Stress. Worry. Confusion. All of these emotions are understandable if you’re stuck with large amounts of debt. Constant contact from demanding collection agencies can be worrisome and disruptive. But is your collection agency acting within the law? Here’s what you need to know about your rights with respect to collection agencies.
United States residents have certain rights and responsibilities when it comes to collection agencies thanks to federal and state laws that are designed to protect debtors from unfair debt collection practices. The federal Fair Debt Collection Act (FDCA) doesn’t change the amount of money you may owe, but it demands that creditors act according to certain strict standards of fairness.
Reasonable and Fair Contact
The standards set forth by the FDCA are straightforward and have to do with reasonable and fair contact. For example, creditors may not contact you outside of reasonable hours (reasonable hours are usually between 8 a.m. and 9 p.m.) or by unreasonable means. While mail, telephone, fax, or in-person contacts are all considered reasonable, these contacts cannot be at odd hours or in strange formats. In addition, you have the right to ask a collection agency to quit contacting you. Though this does not erase your debt, your wishes must be followed by the agency. Write a letter to your creditor asking not to be contacted again; aside from replying to acknowledge receipt, the creditor is barred by law from contacting you.
Beware: even if you request that creditor contact cease, your creditors may resume contact once they send you proof that you do indeed owe a debt. Any initial contact by a creditor must be followed by written proof of the debt within 5 days; this contact must include an up-to-date name and address for the creditor, the consequences of failure to pay, and the amount you owe.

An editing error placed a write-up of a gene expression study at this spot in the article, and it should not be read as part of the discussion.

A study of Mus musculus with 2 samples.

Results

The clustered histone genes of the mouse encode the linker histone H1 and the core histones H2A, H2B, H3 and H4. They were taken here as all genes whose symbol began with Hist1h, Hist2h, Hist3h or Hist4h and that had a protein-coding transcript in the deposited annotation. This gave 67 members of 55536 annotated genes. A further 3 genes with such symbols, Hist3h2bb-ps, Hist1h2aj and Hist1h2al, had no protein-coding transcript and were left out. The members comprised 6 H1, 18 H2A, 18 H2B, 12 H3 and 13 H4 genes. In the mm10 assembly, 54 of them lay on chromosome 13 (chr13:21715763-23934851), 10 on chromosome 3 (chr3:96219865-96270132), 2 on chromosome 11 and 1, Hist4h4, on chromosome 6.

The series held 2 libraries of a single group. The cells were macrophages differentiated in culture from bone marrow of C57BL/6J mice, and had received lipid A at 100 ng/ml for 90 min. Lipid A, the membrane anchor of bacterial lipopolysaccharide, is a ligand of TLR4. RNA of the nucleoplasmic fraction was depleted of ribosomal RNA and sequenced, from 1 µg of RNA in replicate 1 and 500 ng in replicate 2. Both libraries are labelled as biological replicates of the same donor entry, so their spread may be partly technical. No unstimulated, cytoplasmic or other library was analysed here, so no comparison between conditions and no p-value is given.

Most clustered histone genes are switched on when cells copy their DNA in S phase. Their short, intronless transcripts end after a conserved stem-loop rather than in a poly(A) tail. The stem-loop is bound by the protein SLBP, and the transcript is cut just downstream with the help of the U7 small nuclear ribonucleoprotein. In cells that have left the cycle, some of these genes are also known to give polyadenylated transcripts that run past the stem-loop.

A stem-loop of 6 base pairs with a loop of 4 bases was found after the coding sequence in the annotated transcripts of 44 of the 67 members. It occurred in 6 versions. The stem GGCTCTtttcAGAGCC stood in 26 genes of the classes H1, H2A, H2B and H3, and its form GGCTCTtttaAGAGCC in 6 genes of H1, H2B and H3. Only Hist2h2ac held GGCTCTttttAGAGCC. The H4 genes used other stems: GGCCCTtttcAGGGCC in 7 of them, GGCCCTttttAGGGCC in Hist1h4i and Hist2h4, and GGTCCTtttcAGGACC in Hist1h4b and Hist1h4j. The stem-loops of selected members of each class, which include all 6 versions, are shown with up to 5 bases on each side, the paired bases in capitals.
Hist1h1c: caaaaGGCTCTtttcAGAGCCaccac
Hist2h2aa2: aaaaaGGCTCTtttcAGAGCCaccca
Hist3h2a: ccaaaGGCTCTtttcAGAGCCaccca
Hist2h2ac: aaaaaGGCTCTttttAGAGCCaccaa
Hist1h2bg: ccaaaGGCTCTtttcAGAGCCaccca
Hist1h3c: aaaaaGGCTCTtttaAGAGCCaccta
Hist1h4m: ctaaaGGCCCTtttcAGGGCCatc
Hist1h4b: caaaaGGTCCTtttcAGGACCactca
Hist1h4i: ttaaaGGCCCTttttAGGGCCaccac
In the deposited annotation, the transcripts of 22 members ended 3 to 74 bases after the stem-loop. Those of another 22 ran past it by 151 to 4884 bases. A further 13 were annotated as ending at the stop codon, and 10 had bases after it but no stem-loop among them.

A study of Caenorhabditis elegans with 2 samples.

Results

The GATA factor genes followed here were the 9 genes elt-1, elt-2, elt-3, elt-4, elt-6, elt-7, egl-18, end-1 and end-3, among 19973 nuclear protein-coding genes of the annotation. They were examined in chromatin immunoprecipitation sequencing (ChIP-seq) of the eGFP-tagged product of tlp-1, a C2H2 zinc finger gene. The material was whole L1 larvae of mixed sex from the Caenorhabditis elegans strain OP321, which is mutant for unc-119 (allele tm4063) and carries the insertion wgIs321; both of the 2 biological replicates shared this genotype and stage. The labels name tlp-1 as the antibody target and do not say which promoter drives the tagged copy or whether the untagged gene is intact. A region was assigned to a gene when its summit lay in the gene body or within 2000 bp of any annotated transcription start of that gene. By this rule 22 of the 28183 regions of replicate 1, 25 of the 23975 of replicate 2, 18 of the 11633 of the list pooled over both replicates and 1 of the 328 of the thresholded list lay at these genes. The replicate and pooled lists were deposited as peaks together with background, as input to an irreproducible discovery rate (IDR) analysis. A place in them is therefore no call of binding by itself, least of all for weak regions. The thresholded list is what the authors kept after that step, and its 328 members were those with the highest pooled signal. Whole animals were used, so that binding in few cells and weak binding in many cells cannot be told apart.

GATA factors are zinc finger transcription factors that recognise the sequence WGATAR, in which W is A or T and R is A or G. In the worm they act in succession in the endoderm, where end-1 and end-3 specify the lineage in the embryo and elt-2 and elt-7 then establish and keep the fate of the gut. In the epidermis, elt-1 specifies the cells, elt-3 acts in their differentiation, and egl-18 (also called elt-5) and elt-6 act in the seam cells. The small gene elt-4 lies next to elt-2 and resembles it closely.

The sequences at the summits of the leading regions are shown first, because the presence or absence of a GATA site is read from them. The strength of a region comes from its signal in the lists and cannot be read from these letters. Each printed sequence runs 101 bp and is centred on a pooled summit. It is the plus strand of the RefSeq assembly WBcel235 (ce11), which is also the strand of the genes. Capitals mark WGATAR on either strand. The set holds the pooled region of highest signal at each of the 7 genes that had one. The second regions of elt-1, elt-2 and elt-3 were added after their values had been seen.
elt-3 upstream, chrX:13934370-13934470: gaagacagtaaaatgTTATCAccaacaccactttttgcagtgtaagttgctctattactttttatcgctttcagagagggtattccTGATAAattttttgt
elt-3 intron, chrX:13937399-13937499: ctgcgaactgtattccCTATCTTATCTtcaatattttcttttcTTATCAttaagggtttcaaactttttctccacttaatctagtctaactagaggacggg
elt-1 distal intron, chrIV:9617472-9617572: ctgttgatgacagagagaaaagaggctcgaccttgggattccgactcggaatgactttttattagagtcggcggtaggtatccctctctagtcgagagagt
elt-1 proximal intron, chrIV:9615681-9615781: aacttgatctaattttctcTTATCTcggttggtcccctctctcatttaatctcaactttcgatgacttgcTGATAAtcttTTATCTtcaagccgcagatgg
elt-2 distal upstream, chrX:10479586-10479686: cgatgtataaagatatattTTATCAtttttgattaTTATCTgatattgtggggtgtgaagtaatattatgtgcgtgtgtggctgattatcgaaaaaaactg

Contacting You at Work
Federal agencies are not allowed to contact you at work if your employer does not approve of such contact. They are also strictly regulated as to what they may and may not say to you. Threats are no-nos, and creditors aren’t allowed to threaten to seize your property, arrest you, garnish your wages, or threaten you with nonexistent lawsuits unless legal action is actually pending. Falsehood and misleading behavior is also frowned upon — the amount owed must be properly represented and representatives are not allowed to pose as police officers or lawyers.
Crossing the Line
How do you know if a debt collector has crossed the line? If you feel abused, harassed, conned or that your privacy has been violated, a violation of federal law may have occurred. Debt collectors should never lie to you about their identity or pressure you through threats of legal or criminal action. If you feel that the debt collector has violated federal or state law, get in touch with an experienced consumer credit counselor as soon as possible to evaluate your options.